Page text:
Canyon Creek Trail

Fellow blogger Jacqueline – over at, and I are on a fitness kick and we’ve made ourselves a bucket list of hikes we’re hoping to accomplish this summer. We took advantage of the beautiful weather this past Sunday and the Canyon Creek Trail was the first to get checked off the list.
This trail holds a special place in my heart. I used to take the boys here all the time when they were little. It was easy to get to, is a beautiful trail and the creek is a playground and a half for little boys. At only 3.3kms long it’s totally doable for active little ones. My boys went there frequently between the ages of six and ten.

To get there you have to head north on the Willow Creek Rd. for approximately 4kms, taking a right at the Emerson Lakes Rd. (at the 9k sign) and the parking area for the trail is on the right, just after the 18k sign. 
It seems weird to head up the Willow, to turn your back on the mountains, in order find a scenic hike around here but trust me you’ll be pleasantly surprised if you do. It was actually a write-up in the local paper, nearly 15 years ago, that convinced me to go check this one out in the first place.
There is ample space to park your vehicle at the trailhead and there is a large sign and map with information about the area so it’s welcoming and easy to get started.
The trail starts immediately to the left of the sign and heads straight off into the woods.
Only a short distance in we came to a fork in the trail and a ‘You Are Here’ sign. I have always gone right here. I’m pretty sure the trail is signed as though you go left here and I don’t know why I go right, but I do. Either way is fine, you will loop back to this spot.
It was immediately obvious that any concerns I had about the trail being too wet were unfounded. It is really, really dry in the bush right now. 
Before you even get to the creek, which you can hear almost from the start, there is a picnic table and fire pit – a perfect location for a quick lunch if you’re not feeling up to a hike.
Please use safe fire awareness practices.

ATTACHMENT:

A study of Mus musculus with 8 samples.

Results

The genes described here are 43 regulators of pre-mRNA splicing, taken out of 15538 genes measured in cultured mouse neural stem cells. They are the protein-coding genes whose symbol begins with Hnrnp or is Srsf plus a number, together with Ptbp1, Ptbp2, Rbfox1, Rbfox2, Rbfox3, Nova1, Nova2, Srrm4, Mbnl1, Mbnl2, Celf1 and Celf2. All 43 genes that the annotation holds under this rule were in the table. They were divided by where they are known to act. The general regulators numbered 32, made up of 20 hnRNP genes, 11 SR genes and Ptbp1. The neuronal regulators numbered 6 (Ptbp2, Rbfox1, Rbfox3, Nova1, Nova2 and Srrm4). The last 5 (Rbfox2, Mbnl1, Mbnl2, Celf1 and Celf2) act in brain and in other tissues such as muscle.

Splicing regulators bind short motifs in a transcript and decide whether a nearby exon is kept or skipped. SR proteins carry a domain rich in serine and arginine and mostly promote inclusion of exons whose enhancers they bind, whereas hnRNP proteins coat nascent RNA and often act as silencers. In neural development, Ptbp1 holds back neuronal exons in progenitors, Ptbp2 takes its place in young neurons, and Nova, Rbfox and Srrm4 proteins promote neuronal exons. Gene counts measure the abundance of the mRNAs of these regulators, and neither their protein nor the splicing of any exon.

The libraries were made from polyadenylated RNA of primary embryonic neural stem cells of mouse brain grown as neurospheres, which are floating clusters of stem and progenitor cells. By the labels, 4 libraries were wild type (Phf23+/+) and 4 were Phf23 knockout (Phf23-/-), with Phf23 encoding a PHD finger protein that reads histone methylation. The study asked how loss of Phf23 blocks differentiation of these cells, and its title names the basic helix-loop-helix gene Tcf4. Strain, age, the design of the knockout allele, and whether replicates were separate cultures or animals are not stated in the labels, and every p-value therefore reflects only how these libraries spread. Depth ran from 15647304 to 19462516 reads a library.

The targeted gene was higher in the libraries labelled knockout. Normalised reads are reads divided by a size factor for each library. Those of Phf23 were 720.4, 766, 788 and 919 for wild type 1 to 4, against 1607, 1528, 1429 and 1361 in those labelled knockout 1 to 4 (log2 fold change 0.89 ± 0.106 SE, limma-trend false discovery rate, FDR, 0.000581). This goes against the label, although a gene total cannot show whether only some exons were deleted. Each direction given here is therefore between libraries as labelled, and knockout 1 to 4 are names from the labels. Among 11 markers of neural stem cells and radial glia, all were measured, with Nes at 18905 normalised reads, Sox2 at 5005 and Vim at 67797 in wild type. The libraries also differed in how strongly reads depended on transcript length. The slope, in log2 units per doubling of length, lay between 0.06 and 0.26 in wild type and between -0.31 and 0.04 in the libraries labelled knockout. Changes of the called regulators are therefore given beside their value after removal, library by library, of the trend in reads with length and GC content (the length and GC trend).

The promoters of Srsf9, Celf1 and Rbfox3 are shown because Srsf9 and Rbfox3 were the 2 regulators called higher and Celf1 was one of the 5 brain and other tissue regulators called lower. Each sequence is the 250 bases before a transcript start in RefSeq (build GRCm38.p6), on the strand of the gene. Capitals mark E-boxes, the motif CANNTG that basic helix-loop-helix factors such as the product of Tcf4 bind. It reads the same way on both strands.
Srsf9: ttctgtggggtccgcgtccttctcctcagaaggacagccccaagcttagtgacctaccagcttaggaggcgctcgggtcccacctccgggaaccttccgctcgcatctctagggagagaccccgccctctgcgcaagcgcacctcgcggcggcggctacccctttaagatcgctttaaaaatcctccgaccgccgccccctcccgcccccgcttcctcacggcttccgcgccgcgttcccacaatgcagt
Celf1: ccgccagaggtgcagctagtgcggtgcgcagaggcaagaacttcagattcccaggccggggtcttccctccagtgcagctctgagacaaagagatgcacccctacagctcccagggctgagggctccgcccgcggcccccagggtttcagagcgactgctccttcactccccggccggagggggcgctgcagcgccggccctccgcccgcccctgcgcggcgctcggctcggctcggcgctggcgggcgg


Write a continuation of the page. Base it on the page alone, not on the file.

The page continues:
It only takes a few minutes before you are following a narrow, winding trail along the creek. It is a beautiful, clear creek lined with large rocky banks. According to FRMA’s website there are fish, including rainbow trout and whitefish. I haven’t fished here yet, but I think I will try soon.
The creek lends itself to exploring.
The trail is maintained by FRMA and according to their website it is cleared every spring. It looks like we beat them out this year. The trail is clearly marked and easy to follow, but there are several downed trees along the way that we had to go around. I mistakenly wore capris and ended up with a lot of surface scratching from all of the bushwhacking through the rose bushes. My mistake.
There are several trees down across the trail this early in the season, all were easily navigated around and the trail has always been clear in the past.
The trail rises and falls fairly steeply at times, with a total elevation gain of 1408m, and at other times you are walking very closely to the edge of a beautiful canyon, giving vast views of the surrounding treetops straight through to the mountains. 

This hike takes longer than the distance indicates, just because you stop so many times to appreciate the canyon. Although it’s true a lot of those stops were me pointing to this or that and talking about remembering the boys here or there.

If you are taking children on this hike, they must listen and stay close – the danger of falling is very real, but only if they are off the trail, stay on the trail and you’re more than safe. 

The scenery within the canyon changes from rocky canyon walls that look like moss covered fairy gardens to something dry and stark like hoodoos. 
The forest floors are lined with moss and even early in the year, before the leaves have sprouted, it is so very green. 
At the half-way point there is a small offshoot trail to the right of the bridge that takes you down to the Athabasca River.

I highly recommend taking the detour to the river and eating lunch there.

Athabasca River
The bridges across the creek are sturdy and well maintained.
The hike back up the far side confirms your earlier thoughts, that what goes down, must go up. It is a moderate uphill climb, luckily with a bench at the top and a great view as your reward.

Bring water, a walking stick and a pack with some first aid essentials and you will enjoy this hike.